Same-Sex Couple Vs. Wedding Venue


In 2011, New York became the sixth and largest state to sanction same-sex unions. Hailed at the time as a landmark moment for gay rights, the power of that law is being tested today.

What was unthinkable decades ago and until recently only a dream for same-sex couples is now reality - but a pending court case demonstrates public acceptance is not a given. Melisa and Jennie McCarthy, formerly of Albany, filed a complaint against Liberty Ridge Farm in October 2012. The lesbian couple has asked New York's Division of Human Rights agency to rule that the Schaghticoke wedding venue broke the law when its operators refused to book their wedding. The same-sex couple is seeking damages in a case that could set precedent.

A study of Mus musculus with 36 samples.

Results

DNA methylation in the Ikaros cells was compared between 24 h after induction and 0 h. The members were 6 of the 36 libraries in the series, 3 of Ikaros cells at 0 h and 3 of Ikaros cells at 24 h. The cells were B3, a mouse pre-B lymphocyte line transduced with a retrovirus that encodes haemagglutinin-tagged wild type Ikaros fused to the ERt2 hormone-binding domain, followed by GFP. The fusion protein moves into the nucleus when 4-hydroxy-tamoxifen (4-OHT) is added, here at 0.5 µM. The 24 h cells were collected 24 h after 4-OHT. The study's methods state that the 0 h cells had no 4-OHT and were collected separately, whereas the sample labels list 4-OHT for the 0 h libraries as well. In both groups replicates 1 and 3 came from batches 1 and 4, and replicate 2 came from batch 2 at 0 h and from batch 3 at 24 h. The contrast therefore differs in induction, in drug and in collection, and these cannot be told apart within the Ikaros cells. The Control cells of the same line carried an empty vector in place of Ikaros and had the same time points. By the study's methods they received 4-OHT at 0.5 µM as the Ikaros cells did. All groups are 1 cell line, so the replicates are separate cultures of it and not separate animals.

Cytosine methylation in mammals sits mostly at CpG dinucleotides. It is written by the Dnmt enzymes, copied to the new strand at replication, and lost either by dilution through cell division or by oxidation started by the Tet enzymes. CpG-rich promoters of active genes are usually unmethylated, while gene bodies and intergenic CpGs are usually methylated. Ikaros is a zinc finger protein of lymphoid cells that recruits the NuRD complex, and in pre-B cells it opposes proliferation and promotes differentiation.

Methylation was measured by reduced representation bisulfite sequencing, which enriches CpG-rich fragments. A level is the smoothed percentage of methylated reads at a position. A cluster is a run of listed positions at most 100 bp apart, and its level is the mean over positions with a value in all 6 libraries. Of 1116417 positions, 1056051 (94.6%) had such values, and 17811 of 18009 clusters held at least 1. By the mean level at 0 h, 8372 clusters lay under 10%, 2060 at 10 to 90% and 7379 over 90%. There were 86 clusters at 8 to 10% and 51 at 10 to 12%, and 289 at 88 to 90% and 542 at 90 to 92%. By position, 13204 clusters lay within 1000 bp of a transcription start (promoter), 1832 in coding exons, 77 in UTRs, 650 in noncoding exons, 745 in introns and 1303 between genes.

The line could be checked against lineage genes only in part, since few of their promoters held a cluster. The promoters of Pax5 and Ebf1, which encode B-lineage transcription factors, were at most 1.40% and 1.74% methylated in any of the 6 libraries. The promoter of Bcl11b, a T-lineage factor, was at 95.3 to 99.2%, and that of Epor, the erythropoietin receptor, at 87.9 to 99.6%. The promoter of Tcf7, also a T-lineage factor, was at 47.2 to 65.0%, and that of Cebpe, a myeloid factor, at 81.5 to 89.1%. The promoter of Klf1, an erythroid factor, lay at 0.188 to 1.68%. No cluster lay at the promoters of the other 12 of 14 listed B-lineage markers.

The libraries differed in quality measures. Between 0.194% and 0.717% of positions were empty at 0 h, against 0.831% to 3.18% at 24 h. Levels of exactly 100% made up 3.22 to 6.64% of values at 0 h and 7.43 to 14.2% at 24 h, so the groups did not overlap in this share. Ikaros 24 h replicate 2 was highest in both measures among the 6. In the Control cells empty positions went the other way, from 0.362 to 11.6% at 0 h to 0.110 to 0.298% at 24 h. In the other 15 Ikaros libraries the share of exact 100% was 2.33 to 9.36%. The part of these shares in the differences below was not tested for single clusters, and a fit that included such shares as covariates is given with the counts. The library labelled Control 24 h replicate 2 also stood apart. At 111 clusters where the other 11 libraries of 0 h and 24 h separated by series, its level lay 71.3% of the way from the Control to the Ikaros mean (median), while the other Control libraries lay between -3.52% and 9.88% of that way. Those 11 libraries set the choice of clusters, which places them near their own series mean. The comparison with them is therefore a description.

A spokesman for farm owners Robert and Cynthia Gifford says their farm is a private business on private property.  Jason McGuire, executive director of New Yorkers For Constitutional Freedoms, says that the Giffords affirm their constitutional freedom of religion trumps state law and allows them to "conscientiously object" to something they don't believe is appropriate. McGuire faults the language of the law.

Attorneys from the New York Civil Liberties Union told an administrative law judge Wednesday that the 100-acre farm is a business open to the public and subject to the state's anti-discrimination laws.

Political consultant Libby Post was founding chair of the Empire State Pride Agenda. She says there is legal precedent supporting the McCarthy's position.  Jason McGuire believes Americans will see more infringements of religious freedoms and constitutional challenges.

The two sides reportedly had discussed a settlement that was rejected by the Human Rights Division. The McCarthy's were married in the Albany area in early August, and have since left New York.